Jeff Humphrey, Media Content Coordinator, 509.625.6308
Tuesday, January 23, 2018 at 11:20 a.m.
While some cities find it easier to ignore the homeless, Spokane is choosing to embrace everyone.
In order to better understand this part of our community, the City is conducting a census January 25th.
“It’s an opportunity to engage and hear the stories of those experiencing homelessness and connect them with resources. Learn about the situations that can cause homelessness,” David Lewis explained. Lewis works for Spokane’s Community Housing and Human Services Department.
Some of the individuals experiencing homelessness are constantly on the move; searching out food, a place to sleep and ways to meet their needs. People like Joseph Hurtt.
“I didn’t know about shelters. I didn’t know where to go. My family gave up on me,” Hurtt recalls.
Census takers are doing more than just totaling up the number of people experiencing homelessness. A lot of the questions being asked are intended to reveal details about homeless person’s lifestyle.
“We’re asking questions like their primary reason for being homeless. How many times someone’s been homeless in the past year? How many ER visits they’ve had?” said Tija Danzig, one of the City’s Homeless Programs managers.
Interviewing everyone in a simultaneous head count, including people living out of their cars, and under bridges is going to take a lot of manpower.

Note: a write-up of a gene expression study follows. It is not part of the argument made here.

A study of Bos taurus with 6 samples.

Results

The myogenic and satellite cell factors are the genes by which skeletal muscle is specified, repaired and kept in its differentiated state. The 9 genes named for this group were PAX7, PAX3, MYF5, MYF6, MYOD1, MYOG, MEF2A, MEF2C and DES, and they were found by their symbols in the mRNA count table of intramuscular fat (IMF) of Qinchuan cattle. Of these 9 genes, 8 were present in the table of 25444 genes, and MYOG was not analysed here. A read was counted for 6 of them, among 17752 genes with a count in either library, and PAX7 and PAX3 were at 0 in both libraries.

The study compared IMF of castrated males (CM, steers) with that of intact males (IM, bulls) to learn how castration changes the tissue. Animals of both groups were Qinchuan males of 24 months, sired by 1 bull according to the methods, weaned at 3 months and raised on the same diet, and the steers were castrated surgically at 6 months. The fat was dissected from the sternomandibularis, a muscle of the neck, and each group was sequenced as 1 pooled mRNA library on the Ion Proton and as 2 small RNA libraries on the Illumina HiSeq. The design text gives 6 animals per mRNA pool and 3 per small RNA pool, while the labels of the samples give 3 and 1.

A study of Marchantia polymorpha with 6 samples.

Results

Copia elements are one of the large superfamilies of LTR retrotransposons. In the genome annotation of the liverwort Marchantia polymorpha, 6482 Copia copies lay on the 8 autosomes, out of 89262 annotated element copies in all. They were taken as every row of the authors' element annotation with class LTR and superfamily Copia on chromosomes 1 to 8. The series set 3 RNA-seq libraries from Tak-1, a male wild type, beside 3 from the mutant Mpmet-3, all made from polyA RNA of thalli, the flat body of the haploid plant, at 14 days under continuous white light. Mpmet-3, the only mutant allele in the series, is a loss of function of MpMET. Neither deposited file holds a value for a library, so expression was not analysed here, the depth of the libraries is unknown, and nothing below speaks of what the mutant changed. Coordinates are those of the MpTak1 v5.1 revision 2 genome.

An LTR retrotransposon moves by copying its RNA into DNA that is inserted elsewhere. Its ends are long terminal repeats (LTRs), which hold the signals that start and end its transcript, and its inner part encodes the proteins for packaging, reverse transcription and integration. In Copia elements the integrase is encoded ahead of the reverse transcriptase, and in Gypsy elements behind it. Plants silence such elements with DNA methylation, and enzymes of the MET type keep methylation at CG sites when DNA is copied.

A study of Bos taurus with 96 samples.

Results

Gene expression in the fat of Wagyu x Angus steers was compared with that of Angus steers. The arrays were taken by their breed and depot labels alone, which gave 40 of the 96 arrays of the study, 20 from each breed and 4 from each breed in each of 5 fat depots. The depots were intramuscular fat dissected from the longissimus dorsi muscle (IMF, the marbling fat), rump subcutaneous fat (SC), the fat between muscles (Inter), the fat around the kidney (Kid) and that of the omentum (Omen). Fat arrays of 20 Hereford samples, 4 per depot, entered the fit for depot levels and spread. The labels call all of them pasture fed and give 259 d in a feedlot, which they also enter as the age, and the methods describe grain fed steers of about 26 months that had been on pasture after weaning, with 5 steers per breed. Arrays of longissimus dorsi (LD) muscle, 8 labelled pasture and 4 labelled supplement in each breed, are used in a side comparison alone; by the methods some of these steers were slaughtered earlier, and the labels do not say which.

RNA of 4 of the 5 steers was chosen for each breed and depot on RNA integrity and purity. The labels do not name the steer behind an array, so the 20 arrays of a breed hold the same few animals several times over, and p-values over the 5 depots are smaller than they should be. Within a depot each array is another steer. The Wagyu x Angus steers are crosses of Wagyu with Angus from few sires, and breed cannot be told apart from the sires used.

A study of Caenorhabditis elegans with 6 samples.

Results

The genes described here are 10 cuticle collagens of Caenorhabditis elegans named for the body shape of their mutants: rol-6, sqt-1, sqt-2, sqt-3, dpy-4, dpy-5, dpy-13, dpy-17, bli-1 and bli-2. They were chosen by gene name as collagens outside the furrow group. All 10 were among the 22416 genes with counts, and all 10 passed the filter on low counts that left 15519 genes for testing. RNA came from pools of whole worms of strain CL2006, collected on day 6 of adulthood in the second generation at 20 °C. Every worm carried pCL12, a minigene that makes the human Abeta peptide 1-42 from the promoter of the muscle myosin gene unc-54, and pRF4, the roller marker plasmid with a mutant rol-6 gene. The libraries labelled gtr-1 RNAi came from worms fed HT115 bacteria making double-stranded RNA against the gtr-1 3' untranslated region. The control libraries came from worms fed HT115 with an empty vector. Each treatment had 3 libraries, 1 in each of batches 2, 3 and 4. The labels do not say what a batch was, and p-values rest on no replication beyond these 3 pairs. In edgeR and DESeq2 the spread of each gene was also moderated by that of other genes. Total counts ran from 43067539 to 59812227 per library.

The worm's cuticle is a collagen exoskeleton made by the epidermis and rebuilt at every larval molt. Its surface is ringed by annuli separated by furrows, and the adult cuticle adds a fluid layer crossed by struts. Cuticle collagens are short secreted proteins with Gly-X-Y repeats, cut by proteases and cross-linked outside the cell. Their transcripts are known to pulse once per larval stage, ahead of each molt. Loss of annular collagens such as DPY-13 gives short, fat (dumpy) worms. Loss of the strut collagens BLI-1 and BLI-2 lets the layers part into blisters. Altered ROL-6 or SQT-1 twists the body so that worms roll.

That’s why the City is training volunteers to help with the surveys and at the same time, connect homeless individuals with valuable resources.
“They’re people. They’re just like us and they just need a helping hand. They just want to be heard and we want to make sure they know we want to help them,” said volunteer Wendy Nelson.
Organizers also need an accurate count of our homeless youth. In an effort to help with the census, Pizza Rita is offering a coupon for a free slice of pie for all the teens who show up to the “Everybody Counts” events held exclusively for young people.
“The data we collect helps us to be able to make sure the resources we are providing meet the need. That the services are in the locations that they need to be in and better support the folks who need the services,” Danzig said.
City officials stress even if you don’t have homeless people hanging out where you work or shop, their problems are really our problems and the Point in Time Count is designed to calculate solutions.
“We see it impact nearly every aspect of living in our community and again, it shouldn’t fall to a few to try to address this problem. It really requires a comprehensive, holistic, city-wide effort,” Lewis said of the area’s homeless issues.
On Thursday census takers are handing out helpful items to the homeless including a battery powered flashlight.
The clip-on device also flashes and makes the person wearing it more visible at night.
Providence Health, Avista, Asuris, Witherspoon Kelley, Wheatland Bank, Express Employment Professionals, Daryll and Rebecca DeWald and Susan Meyer all made donations to support purchase of the flashlights.